Let’s take a look at bacterial vaginosis statistics and see just how prevalent this issue is.
According to medical sources, approximately 16% of pregnant women have BV. Considering the changes that the body goes through during pregnancy, it is not uncommon for the bacterial or pH level of the vagina to shift, opening up the door for “bad” bacteria to set up shop.
ETHNICITY AND BACTERIAL VAGINOSIS
The other important thing on the subject of this subject. There does seem to be a link between ethnicity and BV. While approximately 9% of sufferers are Caucasian, 16% are Hispanic and 22% are African American. What causes this link is unknown, but it’s known that BV is more common in women who attend an STD clinic than in women who attend a gynecologist or family physicians.
AGE AND BACTERIAL VAGINOSIS
In women of childbearing age, BV is the most common vaginal infection. According to national data, 29% of women have issues; college students show infection rates between five and 25%, and up to 61% of patients with an STD also have BV.
YEARLY BACTERIAL VAGINOSIS STATISTICS
In the United States, there are an estimated 7.4 MILLION new cases of BV each year. Frighteningly, up to 85% of these cases may be asymptomatic (having no symptoms). BV accounts for over a billion dollars in spending by patients to treat their infections.
It might seem like little more than a nuisance, but bacterial vaginosis can lead to some pretty serious problems if it is left untreated. One of the main issues that can result from an untreated bacterial vaginal infection is pelvic inflammatory disease. Pelvic inflammatory disease, or PID, can lead to infertility.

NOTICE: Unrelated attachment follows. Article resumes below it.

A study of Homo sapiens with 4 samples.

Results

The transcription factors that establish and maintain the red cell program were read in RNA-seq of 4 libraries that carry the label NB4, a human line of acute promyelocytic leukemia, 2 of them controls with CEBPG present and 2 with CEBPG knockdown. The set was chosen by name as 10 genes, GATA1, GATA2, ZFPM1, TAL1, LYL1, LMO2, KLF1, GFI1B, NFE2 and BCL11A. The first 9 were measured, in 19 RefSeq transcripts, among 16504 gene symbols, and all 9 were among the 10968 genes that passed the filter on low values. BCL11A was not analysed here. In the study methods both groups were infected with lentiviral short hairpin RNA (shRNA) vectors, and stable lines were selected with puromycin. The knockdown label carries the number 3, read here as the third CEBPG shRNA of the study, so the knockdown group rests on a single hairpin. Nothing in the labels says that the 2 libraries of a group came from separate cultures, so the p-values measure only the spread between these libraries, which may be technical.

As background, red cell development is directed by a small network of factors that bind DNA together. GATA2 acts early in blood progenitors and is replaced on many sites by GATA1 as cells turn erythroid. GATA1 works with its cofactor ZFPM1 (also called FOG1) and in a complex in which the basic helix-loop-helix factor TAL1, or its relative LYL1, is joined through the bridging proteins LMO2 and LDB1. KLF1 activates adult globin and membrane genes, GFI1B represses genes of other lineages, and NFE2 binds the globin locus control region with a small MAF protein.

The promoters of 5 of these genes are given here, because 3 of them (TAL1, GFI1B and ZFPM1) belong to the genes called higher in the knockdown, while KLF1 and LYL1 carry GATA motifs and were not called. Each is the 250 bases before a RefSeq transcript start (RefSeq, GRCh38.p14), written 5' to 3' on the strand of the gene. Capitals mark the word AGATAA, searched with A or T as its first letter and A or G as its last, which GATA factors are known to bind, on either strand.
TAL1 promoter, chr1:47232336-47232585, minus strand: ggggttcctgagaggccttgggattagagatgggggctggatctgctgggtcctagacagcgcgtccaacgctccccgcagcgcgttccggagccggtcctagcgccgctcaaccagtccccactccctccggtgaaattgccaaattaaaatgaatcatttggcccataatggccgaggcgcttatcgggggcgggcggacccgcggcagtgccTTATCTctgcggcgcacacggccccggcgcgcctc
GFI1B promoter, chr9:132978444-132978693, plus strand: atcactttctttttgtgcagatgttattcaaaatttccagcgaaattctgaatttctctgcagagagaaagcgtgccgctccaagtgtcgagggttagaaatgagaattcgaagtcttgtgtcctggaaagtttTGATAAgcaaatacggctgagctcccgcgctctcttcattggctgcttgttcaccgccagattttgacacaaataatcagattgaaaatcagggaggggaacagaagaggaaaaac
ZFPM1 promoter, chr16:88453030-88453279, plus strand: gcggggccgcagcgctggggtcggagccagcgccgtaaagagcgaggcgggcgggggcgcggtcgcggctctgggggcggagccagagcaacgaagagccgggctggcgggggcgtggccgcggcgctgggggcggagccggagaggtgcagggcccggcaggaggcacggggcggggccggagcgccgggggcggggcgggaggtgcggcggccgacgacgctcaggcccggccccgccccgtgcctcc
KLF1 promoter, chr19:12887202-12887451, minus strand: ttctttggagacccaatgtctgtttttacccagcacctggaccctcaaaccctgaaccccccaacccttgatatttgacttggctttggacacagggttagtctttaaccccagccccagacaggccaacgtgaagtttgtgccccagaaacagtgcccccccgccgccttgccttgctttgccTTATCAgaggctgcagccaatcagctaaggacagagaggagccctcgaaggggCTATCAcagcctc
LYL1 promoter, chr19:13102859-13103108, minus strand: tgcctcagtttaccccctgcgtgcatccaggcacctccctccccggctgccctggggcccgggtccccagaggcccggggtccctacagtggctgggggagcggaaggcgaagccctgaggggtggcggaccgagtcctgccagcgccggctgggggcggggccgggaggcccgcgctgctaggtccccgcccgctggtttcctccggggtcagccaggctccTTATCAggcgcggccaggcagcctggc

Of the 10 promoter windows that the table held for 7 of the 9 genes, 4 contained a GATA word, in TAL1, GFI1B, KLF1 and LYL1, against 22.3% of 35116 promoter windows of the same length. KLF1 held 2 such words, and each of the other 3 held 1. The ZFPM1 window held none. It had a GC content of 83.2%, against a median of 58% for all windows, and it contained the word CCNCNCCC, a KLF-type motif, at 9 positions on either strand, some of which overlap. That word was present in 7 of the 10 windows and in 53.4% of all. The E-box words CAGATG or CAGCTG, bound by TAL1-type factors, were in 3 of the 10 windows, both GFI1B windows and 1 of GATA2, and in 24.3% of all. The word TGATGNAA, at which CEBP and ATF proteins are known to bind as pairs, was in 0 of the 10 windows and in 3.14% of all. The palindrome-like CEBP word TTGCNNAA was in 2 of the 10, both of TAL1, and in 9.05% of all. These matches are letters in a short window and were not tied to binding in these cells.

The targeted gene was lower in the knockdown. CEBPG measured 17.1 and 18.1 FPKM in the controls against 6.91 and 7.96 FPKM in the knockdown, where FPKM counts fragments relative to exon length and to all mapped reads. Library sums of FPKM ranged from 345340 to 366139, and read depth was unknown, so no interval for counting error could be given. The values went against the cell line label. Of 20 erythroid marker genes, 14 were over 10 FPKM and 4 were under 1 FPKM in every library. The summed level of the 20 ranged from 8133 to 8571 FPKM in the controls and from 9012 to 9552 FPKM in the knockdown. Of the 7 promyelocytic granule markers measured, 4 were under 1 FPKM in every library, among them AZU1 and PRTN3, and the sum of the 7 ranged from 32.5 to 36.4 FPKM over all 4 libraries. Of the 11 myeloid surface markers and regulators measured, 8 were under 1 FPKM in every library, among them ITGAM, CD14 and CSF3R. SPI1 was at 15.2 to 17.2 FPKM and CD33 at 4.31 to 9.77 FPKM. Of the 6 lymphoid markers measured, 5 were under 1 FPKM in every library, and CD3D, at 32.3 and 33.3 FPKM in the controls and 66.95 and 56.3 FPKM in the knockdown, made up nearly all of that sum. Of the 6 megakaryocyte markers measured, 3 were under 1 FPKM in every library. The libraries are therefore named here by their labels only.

Chronic BV can also make it easier to contract a sexually transmitted disease, as irritated tissues do not function properly, and can cause wound infection after gynecological surgeries. In pregnant women, it can contribute to premature rupture of the membranes, premature labor, low birthweight infants, and premature births.
Bacterial vaginosis statistics show that any woman is at risk, though sexually active women of childbearing age are most likely to contract the disease. If you have any vaginal symptoms, you should head to your doctor; bacterial vaginosis is easily treated, but can cause a lot of issues if left to itself.
Pia Ballog is part of the Women’s Health Team. She writes health articles for women who want to learn more about women disorders, and how to cure the naturally!
For more information and natural treatments visit her blog Bacterial Vaginosis Cure!